A recent study on medical care in the United States has put forward 10 diagnostic procedures and treatments that were overused during 2016. The aim of the study was to highlight ways that the medical system could be made more efficient and effective.
While doctors do an amazing job with limited resources, sometimes trying to strike a balance between time and costs means pills and procedures get prescribed to patients when they don’t really require them.
The team that carried out this study went through journal articles in the PubMed archive, using search terms such as overtreatment, inappropriate, unnecessary, and overuse. They looked at 2,252 papers, of which 1,224 addressed the overuse of medicine directly. The researchers then agreed on the following top ten.
1. Transesophageal Echocardiography
This ultrasound procedure takes pictures of your heart by inserting a tube into your esophagus. A doctor might use this instead of an electrocardiogram, but research suggests that any extra detail it might provide isn’t worth the risk of being sedated.
2. Computed Tomography Pulmonary Angiography
This is a diagnostic test that uses a CT scan to provide images of pulmonary arteries in patients suffering from respiratory problems. It’s non-invasive, but it hits the patient with a dose of radiation. Furthermore, waiting for the results can increase the risk of complications developing.
3. Computed Tomography in Any Patients with Respiratory Symptoms
Any type of CT scan in a patient with non-life threatening respiratory symptoms does little to improve a patient’s outcome. To add to this, these scans raise the risk of false positives, where the test indicates a non-existent pathology.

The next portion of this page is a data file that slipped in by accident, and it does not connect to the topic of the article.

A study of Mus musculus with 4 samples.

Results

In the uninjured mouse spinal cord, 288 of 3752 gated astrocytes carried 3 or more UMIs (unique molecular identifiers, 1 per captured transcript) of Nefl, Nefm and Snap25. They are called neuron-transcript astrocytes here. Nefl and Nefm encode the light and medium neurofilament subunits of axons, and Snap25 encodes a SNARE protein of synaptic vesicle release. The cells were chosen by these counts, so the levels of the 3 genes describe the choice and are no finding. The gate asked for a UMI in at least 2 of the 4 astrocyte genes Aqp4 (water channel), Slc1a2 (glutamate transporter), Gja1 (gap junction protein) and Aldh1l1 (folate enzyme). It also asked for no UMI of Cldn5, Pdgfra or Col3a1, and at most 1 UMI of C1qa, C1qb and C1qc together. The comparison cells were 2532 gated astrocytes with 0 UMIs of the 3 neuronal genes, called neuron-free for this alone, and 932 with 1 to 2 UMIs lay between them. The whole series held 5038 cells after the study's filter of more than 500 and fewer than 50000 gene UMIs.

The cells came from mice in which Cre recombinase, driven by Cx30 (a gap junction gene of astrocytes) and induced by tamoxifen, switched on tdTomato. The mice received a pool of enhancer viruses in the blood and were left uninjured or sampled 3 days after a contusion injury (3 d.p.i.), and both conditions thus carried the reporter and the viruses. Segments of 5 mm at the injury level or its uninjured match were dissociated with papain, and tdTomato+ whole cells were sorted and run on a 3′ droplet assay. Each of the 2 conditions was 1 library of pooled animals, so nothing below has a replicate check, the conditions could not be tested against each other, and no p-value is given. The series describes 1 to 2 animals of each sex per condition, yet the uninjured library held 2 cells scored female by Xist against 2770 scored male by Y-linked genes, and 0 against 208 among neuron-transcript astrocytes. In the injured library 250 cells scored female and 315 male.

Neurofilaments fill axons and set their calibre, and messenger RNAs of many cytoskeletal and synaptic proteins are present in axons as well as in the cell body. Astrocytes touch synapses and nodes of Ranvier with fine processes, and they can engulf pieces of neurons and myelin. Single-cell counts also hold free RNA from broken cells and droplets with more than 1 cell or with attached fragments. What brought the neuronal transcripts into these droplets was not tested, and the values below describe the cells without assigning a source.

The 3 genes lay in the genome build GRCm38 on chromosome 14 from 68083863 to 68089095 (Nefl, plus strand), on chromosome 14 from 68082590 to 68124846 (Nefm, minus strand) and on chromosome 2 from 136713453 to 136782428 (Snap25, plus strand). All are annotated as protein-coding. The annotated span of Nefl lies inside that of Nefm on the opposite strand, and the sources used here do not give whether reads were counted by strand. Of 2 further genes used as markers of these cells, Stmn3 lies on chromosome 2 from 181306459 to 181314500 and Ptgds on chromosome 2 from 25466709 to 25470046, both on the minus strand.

4. Carotid Artery Ultrasonography and Stenting
Carotid ultrasounds test the width of arteries in the neck to determine the patient’s risk of having a stroke. Early diagnosis could save someone’s life, but the researchers found that 9 out of 10 tests carried out on asymptomatic patients led to an artery-widening stent being unnecessarily inserted.
5. Aggressive Management of Prostate Cancer
Prostate cancer is a condition that can be treated easily if found early. A blood test that searches for markers called prostate antigens can do that, but it’s hard to tell if they’re produced by an aggressive tumor that needs to be dealt with quickly or a slow-growing one that the patient can take to their grave.
6. Supplemental Oxygen for Patients with Chronic Obstructive Pulmonary Disease
Giving more oxygen to those with COPD didn’t make their lungs work better or improve their health. However, it can cause them to retain carbon dioxide in their body, which isn’t good.
7. Surgery for Meniscal Cartilage Tears
Tearing the shock-absorbing discs of cartilage inside your knee is a serious issue, but getting it repaired surgically was found to have few benefits that couldn’t be achieved through conservative rehabilitation and management.
8. Nutritional Support in Medical Inpatients
Malnutrition doesn’t do a patient any good, but, on the other hand, giving nutritional support to critically ill patients seems to make no difference in terms of hospital stays or mortality.
9. Use of Antibiotics
A 2016 study found that, between 2011 and 2016, 506 prescriptions were being written for every 1000 people. Out of these 506 prescriptions, only 353 could be considered appropriate.
The CDC aims to reduce inappropriate outpatient antibiotic use by 50% within the next couple of years. This will help to combat antibiotic-resistant bacteria.
10. Use of Cardiac Imaging
Cardiac imaging for patients with chest pain has tripled over the last decade, while doing nothing for low-risk patients. This leads to unnecessary hospital stays and interventions. Therefore, according to the researchers, doctors should share their decision-making with their patients.